Do charities really want to find cures?


Recently, some voices have been raised against certain of these charities for ignoring potential cures and continuing to be involved in research into new drug treatments; which means new sales and profits for pharmaceutical companies. Likewise, drug companies sell medicines. They get more money from treating illnesses than curing them.

It is hardly surprising that charities are seen as reluctant to find real cures that will put them out of business. You just need to look at the salaries paid to their chief executives.

Of course, similar comparisons can be done across research charities in various countries around the world but that would generate much more data that would, to my mind, make this post less attractive to read. Therefore, I chose just one country and, being British, that one is the UK.

As I have multiple sclerosis, let’s start with the MS Society in the UK. That, according to the last available annual accounts, ending December 31 2014, has seven employees whose salaries are in excess of £60,000 a year. Two of these are between £90,000 and £100,000 of which one, presumably, is chief executive Michelle Mitchell.

Other notable UK charities who are battling illnesses for which research is still needed include Cancer Research UK, British Heart Foundation, Kidney Research UK, Pancreatic Cancer Research Fund, Alzheimer’s research UK, Parkinson’s UK and the Motor Neurone Disease Association. There are, of course, many more; this is just an indicative sample.

The chief executives of these charities are paid these salaries, as itemised in their most recently available annual accounts: Cancer Research UK – up to £250,000; British Heart Foundation – £165,000; Parkinson’s UK – up to £120,000; Kidney Research UK – up to £110,000; Alzheimer’s Research UK – up to £100,000; Motor Neurone Disease Association – up to £99,999; and Pancreatic Cancer Research Fund – in excess of £60,000. Note: All ‘up to’ figures should be read as in a £10,000 up to the figure quoted.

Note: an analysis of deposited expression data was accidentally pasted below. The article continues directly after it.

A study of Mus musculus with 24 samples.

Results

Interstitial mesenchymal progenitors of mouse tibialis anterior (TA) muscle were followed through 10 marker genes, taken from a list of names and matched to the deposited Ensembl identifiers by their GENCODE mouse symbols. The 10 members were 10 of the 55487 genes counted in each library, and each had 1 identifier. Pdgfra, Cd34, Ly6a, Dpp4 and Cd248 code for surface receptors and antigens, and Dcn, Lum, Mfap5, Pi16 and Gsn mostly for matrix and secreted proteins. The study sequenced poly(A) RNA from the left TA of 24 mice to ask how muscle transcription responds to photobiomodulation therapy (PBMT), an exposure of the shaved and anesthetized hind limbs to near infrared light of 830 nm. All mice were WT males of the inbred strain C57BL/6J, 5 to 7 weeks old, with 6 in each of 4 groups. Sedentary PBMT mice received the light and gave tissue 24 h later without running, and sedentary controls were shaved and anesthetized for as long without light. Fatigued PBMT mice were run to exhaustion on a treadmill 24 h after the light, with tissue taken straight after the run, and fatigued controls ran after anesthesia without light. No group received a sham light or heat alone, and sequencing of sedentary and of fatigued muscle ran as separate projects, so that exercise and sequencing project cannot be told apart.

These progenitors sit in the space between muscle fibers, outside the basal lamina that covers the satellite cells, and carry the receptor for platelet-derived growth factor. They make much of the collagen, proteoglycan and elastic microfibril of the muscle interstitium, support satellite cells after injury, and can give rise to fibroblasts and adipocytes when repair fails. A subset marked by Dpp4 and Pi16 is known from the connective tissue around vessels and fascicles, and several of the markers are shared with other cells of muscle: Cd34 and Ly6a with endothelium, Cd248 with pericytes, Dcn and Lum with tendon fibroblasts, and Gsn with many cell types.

Looking at those, mainly, six-figure salaries and you can see that the vocal protesters may have a point or two. It is all very well for a particular charity to be involved with discovering or testing new drugs. That means they can continue in the business of raising money and carry on paying themselves huge salaries.

Now, I am not suggesting that these salaries are not earned, far from it. If they want the best person for the job, they have to pay competitive salaries. But, in doing so, they have to be transparent in their dealings and be genuinely open to new therapies that could cure the particular disease they say that they are committed to defeating.

Nothing would please me more than seeing charities being wound up because cures had been found. What do you think?

2 thoughts on “Do charities really want to find cures?

  1. Seems a bit ironic to criticise the MS Society when they gave you a grant to go on a cruise- which you have posted many blogs about.

    If you were really adamant that they should be doing all they can do find a cure, then your share of the money could have been given back to them to contribute to their research?

    I’m not saying you didn’t deserve to go on a cruise, far from it. If the MS Society offers the grants to help people with MS then it’s something you should do since it is there. It’s nice to be able to get away and have some time to relax.

    It might be a nice idea to talk about how you can apply for grant from the MS Society- I never even realised that they offered it.

    I agree that sometimes the salaries of people working in the charity sector seem high, then again you can’t expect people to work for free all the time. But also agree that for the best people to do the job you have to be willing to pay.

    And finally I think it would be marvellous to find cures for all the conditions

      The grant I received was from the Short Breaks Fund that is administered by the grants department at the UK HQ in London. There are various criteria to meet and details of these can also be obtained from the grants team. The last I heard, the fund is under used and more applications would be welcome.